PHOENIX (3TV/CBS 5) - Hospitals are running out of beds and emergency rooms are packed with patients. That has a lot of Arizonans second-guessing where they should go if they have an unexpected injury or illness.
Rebecca Rocho is a market director for DispatchHealth in Arizona, a company that makes house calls, so patients can avoid going to an urgent care center or waiting hours in a crowded emergency room.
"We can stabilize a fracture. We can do stitches. We can treat a UTI, we can hydrate if it's medically necessary, or clinically indicated, ear infections, eye infections," said Rocho. "Anything that can happen in a standing acute care environment."
Here's how it works. If someone is having some type of medical issue that is not life-threatening, they can call DispatchHealth and have an EMT and nurse practitioner drive up to their front door, usually the same day. Patients can also request care through a mobile app. Health care providers will then examine and treat patients from the comfort of their own home. They also do COVID-19 tests.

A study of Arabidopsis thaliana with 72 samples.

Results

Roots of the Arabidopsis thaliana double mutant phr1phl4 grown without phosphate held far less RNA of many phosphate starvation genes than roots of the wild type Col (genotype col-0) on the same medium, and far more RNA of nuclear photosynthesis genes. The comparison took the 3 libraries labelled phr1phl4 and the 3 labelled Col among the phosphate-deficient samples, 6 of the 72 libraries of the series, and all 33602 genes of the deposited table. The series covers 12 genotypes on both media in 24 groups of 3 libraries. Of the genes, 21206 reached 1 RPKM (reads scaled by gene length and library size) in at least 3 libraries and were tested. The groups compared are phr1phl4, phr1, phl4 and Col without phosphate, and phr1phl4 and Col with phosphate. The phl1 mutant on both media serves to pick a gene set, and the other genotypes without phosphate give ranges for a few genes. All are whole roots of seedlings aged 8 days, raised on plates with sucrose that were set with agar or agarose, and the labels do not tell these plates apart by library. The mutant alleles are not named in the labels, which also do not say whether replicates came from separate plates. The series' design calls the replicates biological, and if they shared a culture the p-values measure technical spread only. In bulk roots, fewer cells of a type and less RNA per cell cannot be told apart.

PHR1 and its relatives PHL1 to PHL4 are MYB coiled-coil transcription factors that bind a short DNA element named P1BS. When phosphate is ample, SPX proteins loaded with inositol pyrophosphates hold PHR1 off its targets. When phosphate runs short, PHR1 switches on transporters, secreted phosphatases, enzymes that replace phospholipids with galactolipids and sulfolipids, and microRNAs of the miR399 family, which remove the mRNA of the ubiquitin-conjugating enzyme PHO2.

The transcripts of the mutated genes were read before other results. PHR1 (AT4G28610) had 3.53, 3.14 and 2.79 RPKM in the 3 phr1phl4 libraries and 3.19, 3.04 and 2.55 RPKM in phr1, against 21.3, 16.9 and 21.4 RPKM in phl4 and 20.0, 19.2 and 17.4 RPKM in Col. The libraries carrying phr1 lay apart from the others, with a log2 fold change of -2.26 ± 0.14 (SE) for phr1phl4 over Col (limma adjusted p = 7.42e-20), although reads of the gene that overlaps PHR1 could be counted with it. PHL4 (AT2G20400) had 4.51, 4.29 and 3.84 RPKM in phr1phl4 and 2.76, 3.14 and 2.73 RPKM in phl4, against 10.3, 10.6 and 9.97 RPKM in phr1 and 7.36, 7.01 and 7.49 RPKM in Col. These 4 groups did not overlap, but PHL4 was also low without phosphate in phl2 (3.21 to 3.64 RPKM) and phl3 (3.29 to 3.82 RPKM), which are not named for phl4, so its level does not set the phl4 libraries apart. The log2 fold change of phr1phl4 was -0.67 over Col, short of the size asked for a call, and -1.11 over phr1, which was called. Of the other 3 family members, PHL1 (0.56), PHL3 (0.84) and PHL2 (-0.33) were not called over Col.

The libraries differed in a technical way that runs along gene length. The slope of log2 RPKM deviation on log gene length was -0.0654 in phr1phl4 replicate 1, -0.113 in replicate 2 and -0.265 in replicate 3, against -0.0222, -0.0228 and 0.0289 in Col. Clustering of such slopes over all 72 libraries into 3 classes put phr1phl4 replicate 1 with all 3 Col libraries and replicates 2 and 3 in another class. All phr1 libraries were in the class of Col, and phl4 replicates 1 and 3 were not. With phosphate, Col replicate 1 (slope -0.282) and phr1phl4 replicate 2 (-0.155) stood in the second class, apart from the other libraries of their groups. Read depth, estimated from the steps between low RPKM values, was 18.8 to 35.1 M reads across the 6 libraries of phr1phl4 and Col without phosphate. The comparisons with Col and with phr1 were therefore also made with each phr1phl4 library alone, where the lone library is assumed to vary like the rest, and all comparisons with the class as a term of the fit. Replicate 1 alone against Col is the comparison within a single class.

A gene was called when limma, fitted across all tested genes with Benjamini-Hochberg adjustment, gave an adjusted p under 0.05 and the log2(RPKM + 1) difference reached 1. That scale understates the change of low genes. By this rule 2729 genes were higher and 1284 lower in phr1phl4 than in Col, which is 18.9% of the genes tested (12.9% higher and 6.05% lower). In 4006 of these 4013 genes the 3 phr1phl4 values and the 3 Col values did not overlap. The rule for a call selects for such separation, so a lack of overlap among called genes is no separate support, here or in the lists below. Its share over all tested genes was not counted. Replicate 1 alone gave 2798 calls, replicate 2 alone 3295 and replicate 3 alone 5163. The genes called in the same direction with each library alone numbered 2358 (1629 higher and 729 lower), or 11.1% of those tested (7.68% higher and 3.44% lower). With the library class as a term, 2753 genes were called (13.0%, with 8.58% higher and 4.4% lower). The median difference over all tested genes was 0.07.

Scottsdale mom Susan Freeman said that her son recently tested positive for COVID-19, so Freeman and her husband needed a test right away. But getting one on short notice was almost impossible.
"All of the testing places either had long lines, hours of wait, or they were closing down because they were out of tests," said Freeman. "Yes, it was very frustrating."
A friend told Freeman about DispatchHealth and a few hours later, a health care team was at their house, giving them COVID-19 tests. The tests came back negative. Freeman said i'ts nice to know her family has another option if someone gets sick.
"I understand that people homebound should go in front of the line, but for the convenience and ability to have them come and not put me at risk of being exposed to other people, it is definitely worth it," said Freeman.
According to Rocho, DispatchHeath is making about 50 house calls a day in the Phoenix metro area and could start making more, if the current health crisis keeps up. The service does not require a subscription or membership and is available to the public. The service is covered by Medicare and Medicaid and most health insurance. Patients without insurance, or a high deductible, can also pay a flat fee of $275 per visit. For more information, go to their website.